White feminism and girls like me
A 12-year-old girl from my village was sold by her parents to a man three times her age.
A 9-year-old Cameroonian had her breast ironed to make her less desirable to men.
Girls from countries like mine know too well that the price of womanhood is pain,
That if blood doesn’t constantly trickle down your thighs, you’re still a child.
Girls like me are too accustomed to changing ourselves to achieve a culture’s definition of woman.
It’s not just Africans. But I can not speak for them so I ask:
Dear Pakistani Woman,
Did your husband ask if the kerosene they doused you with matched the scent of your perfume?
Did your eyes glimmer like the flame before he threw it at you?
Did those flames dance around your body so elegantly you forgot your skin was burning?
Was your death the ultimate dowery?
Dear Bangladeshi woman,
When your spouse told you he wanted to change the way you looked, did you know acid was the best beauty technique?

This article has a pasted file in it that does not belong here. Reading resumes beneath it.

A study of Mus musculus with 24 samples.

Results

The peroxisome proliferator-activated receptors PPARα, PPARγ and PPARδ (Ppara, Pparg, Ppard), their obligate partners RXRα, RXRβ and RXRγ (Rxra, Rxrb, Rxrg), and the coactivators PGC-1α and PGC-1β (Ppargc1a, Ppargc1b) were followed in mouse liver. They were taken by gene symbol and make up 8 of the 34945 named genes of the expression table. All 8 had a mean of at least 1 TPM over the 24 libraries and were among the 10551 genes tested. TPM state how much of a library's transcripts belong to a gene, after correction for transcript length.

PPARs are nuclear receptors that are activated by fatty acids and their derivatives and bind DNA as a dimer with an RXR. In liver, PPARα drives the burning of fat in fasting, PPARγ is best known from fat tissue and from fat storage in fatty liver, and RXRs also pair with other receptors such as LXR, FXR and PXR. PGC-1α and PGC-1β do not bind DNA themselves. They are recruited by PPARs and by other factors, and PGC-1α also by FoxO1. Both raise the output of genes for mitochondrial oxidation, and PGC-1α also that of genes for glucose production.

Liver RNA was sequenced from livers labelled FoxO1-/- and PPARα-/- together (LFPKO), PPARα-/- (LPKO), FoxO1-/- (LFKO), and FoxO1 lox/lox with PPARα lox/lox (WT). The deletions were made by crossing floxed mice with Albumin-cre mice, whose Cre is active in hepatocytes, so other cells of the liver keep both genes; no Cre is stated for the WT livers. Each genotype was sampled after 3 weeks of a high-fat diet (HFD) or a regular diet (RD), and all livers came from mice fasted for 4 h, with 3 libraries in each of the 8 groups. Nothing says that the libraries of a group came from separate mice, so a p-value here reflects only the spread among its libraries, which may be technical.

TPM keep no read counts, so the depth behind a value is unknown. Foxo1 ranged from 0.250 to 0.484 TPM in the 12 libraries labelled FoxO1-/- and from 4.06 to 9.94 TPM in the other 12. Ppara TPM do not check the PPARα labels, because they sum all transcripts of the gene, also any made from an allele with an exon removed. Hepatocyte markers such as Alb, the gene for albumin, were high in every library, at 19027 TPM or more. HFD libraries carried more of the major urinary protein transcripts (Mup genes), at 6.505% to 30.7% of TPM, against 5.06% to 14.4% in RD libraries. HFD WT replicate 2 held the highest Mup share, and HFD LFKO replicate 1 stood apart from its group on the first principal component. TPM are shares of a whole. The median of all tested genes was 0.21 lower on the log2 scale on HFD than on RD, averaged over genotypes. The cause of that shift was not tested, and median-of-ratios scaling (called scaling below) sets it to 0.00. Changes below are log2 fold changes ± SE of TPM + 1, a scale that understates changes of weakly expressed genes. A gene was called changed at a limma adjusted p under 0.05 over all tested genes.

Did sulfuric acid kiss your face better than your husband could?
Could you feel your bones corrode under your flesh?
What did you do to deserve that?
Dear 12-year-old girl in my village, do you remember my name?
Does your husband still beat you? You became a wife before a woman, and you still don’t know what that means yet.
There is no sugarcoating domestic abuse — or how in cultures it is synonymous with the transition to womanhood.
But our screams are drowned out by white feminists.
We have men against us; we don’t need other women too.
Our hashtags deleted to make space for #FreeBleed and #FreetheNipple.
Just because there is no translation for feminism in these countries doesn’t mean our problems don’t deserve recognition.
Don’t tell me I’m trying to separate the movement; the movement was separated before it began.
Don’t tell me I’m trying to start a war. What good are wars when half your soldiers are already dead?
This poem was created from the ashes of women America doesn’t care about.
This poem was developed in misogynistic villages.
This poem was created for that 12-year-old girl in my village.
This poem is not created for your feminism.
We do not need or want your feminism.
We will not wait for an invite to your protest while our girls suffer.
Because, the most feminist thing there will ever be are the silent screams of dead women.
Agnes Ugoji is a sophomore at John D. O’Bryant School of Mathematics and Science. She is originally from Nigeria, and she won Massachusetts’ Louder Than A Bomb slam poetry championship performing on 826 Boston’s slam poetry team this year.
This piece was published in the Boston Globe on 6/12/16.